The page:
SAVE AS: Digital Haverford is a collaboration between Digital Scholarship in the Library, Instructional & Information Technology Services, Hurford Center of the Arts & Humanities and Tri-Co Digital Humanities. The group aims to promote all things digital at Haverford and to foster communication between students, staff, and faculty with an interest in digital skills and scholarship.
Stan Augarten's Bit by Bit: An Illustrated History of Computing (1984), has long served as the text for Steve Lindell's course on the History of Mechanized Thought. Thanks to Gavi Fried '14 and Jon Sweitzer-Lamme '14, who worked under the supervision of Digital Scholarship Librarian Mike Zarafonetis, the book became a digital edition during the summer of 2012. Complete with lab assignments, lecture slides, and additional resources, the website takes place of the physical book as Professor Lindell's primary course resource.
Mapping Microfinance, led by Economics professor Shannon Mudd, is a collaborative project between the student-run Microfinance Consulting Club and the Digital Scholarship team. Members of the group are collecting and compiling locational data for microfinance institutions in developing countries, then using GIS software to map those locations along with other social, economic, or demographic data.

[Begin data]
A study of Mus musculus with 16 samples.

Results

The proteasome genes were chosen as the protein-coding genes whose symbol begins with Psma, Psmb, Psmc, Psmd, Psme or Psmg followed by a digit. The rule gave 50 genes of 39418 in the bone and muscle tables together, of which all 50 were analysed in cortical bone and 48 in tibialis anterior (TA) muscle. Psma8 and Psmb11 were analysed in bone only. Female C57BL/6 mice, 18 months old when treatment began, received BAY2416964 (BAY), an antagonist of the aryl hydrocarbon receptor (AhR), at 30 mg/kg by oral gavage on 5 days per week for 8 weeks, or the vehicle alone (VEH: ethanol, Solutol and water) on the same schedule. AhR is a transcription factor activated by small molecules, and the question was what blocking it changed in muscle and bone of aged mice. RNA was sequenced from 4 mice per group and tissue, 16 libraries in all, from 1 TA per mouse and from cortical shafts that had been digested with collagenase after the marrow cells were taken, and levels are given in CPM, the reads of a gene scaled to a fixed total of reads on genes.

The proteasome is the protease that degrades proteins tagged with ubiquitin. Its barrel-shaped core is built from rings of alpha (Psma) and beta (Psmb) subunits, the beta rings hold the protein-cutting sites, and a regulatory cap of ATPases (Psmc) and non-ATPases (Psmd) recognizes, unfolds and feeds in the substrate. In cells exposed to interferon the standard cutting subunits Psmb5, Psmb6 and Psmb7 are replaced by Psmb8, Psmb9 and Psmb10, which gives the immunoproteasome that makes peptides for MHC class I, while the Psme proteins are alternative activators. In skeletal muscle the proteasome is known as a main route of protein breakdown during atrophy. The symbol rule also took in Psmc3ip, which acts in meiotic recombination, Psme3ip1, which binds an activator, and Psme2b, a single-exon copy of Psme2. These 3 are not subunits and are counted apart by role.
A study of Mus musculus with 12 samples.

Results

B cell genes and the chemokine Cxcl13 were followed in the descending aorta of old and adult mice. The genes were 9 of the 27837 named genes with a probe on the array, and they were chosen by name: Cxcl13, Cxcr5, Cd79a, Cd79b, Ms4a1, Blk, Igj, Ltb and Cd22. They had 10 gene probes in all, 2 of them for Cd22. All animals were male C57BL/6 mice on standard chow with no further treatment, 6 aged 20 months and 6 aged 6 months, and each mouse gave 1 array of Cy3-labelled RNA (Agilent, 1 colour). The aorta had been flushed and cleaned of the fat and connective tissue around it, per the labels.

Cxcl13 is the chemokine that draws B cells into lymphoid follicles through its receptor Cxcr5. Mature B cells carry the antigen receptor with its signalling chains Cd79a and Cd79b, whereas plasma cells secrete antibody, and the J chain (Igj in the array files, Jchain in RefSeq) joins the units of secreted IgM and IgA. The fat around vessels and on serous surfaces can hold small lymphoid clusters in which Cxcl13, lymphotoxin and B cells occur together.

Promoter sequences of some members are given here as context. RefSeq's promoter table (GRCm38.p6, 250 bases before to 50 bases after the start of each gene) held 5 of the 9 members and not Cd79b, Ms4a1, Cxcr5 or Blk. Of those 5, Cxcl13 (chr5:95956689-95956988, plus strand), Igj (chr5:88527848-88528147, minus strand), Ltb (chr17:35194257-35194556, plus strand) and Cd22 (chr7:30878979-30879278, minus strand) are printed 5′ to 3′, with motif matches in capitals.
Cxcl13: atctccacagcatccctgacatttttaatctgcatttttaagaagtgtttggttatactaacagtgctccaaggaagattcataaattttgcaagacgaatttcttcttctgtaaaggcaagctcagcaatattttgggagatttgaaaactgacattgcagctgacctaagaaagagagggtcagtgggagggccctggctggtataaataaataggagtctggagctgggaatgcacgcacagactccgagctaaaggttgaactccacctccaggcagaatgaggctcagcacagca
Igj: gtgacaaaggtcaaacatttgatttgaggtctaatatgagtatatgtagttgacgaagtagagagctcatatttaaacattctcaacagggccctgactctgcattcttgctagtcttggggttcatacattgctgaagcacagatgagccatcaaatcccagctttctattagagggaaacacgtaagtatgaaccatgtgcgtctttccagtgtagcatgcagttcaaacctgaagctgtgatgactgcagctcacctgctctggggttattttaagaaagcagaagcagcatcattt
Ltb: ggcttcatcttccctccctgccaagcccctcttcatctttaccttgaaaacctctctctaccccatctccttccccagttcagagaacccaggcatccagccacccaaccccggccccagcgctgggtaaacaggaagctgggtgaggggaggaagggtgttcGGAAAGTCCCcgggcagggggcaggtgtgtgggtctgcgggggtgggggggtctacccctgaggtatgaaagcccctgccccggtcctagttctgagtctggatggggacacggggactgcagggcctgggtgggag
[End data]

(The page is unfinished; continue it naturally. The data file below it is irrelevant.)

The al-Qaeda Statements Index is an ongoing project created by Professor Barak Mendelsohn with the support of the Political Science department. The Index consists of a database of over 300 statements made by various members of al Qaeda and its affiliates’ senior leadership going back as far as 1994. Digital Scholarship in the Library has offered technical and hosting support, while Norm Medeiros and Margaret Schaus have processed the statements and catalogued them in the Tricollege instance of DSpace.
This project is in its earliest stages, and will be in support of a course for Andrew Friedman scheduled for Spring 2014. Students will explore the history of Lancaster Avenue and its surrounding area by engaging with primary sources, digitizing source material and curating collections, exploring and visualizing spatial relationships and ideas of place as they change over time, and using digital tools to create a dynamic final project.